Local manual therapist Diane Jacobs recently moved back to Saskatchewan, leaving a successful physiotherapy practice in Vancouver, because she missed the "land of the living skies" and wanted to continue to develop a therapy technique she created. The technique, called Dermoneuromodulation, is sending this small town farm girl all over the world to teach.
Jacobs is currently preparing to hold a webinar about her technique for members of Continuing Professional Development for Health Professionals in New Zealand. Although she will not have to leave the comfort of her home to do this online teaching seminar, she did just return from a trip to Brazil where she spoke in front of a group of nearly 2,000 Portuguese-speaking physiotherapists at the International Congress of Manual Therapy. She did so with the help of a translator.
Jacobs said that teaching in front of the large crowd took her out of her comfort zone. "It was pretty daunting for a kid who grew up on a farm outside Weyburn."
So what is this technique that therapists from around the world are asking her to teach? Jacobs broke down the name of the technique into simple terms: "dermo" refers to skin, "neuro" refers to the nervous system, and "modulation" is the act of modifying.
Jacobs said the therapy method she developed is a low-key, hands-on approach that can be done in a patient's home.
"It consists of no equipment," said Jacobs. "You just need a flat surface, one pair of hands and two brains."
She works with the body's soft tissue, assesses the nervous system to determine which part of it is having an issue, and uses body manipulation and light skin stretching to take pressure off of compressed nerves. The patient's input and education of their pain is vital to the process, according to Jacobs.
"This method is not a violent departure from anything that anyone else is doing," said Jacobs.
She said that her technique is based on pain researcher Ronald Melzack's Neuromatrix Model of Pain, which sees pain as an output from the brain, not an input to it.
Jacobs explained that sensory nerves, the nerves that go to the skin, provide humans with sensation and the brain decides whether it will pay attention to that information or not, leaving it up to the brain to decide whether it will feel pain. An example Jacobs used to describe this is a soldier who has been shot during a battle may not feel the pain of their wound until they have removed themselves from danger.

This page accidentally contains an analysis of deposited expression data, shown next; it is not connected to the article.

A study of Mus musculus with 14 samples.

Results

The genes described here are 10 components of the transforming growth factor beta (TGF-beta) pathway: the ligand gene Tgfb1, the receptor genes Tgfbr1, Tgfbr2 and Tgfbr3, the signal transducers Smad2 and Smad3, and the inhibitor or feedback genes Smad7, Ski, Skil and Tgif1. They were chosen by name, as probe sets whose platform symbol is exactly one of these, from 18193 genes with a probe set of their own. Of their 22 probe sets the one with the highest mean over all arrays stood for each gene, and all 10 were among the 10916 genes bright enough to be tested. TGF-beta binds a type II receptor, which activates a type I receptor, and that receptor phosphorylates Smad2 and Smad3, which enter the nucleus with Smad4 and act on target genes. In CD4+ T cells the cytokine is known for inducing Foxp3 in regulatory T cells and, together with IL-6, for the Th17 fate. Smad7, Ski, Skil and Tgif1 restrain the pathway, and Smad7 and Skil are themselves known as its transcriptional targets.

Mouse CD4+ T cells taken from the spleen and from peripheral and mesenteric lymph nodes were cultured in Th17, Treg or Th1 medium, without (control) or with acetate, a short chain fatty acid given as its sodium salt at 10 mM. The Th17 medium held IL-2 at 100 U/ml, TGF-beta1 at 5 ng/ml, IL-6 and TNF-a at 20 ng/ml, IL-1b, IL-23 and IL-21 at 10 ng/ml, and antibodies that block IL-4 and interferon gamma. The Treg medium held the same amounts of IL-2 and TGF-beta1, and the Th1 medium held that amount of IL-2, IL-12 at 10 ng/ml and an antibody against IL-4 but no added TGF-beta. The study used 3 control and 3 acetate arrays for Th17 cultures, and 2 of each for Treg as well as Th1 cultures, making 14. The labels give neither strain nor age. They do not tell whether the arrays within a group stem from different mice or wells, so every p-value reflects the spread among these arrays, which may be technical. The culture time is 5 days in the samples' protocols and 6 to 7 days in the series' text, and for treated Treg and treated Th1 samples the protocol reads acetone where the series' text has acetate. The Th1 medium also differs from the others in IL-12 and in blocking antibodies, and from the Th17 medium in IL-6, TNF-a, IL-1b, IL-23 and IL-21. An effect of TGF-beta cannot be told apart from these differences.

"The brain decides in the moment what it's going to focus on to save your life," said Jacobs.
For this reason, according to Jacobs, it is necessary to assess the nervous system, rather than the point of pain, to heal a patient.
She explained why the nervous system is so important to the function of the human body. "There are 72 kilometres of nerves in the human body - this is only two percent of our body - a very small part of our body, but it does use 20 percent of all your energy."
Jacobs said that the idea of Dermoneuromodulation first presented itself to her while sitting in a manual therapy class. The teacher had explained that nerves are sensitive and can experience pain.
"Nerves are usually thought of as the wares for carrying information to the brain," said Jacobs. "But nerves themselves can hurt - that was a big piece of information that I had missed. No one had ever mentioned it before and I had never thought of it."
Jacobs said that she has been developing her technique for over a decade through research and conversations with colleagues.
Jacobs is committed to learning and teaching everything she can about pain management and alleviation. She is a research associate at the University of Saskatchewan and she helped establish the Pain Science Division of the Canadian Physiotherapy Association.
"Our division works to educate and inform Canadian physiotherapists about modern pain science," said Jacobs.
She is currently taking an online post-graduate course on Pain Management Certification at the University of Alberta, her first in over 30 years.
Despite her heavy research and teaching schedule, Jacobs has already begun seeing patients in their home.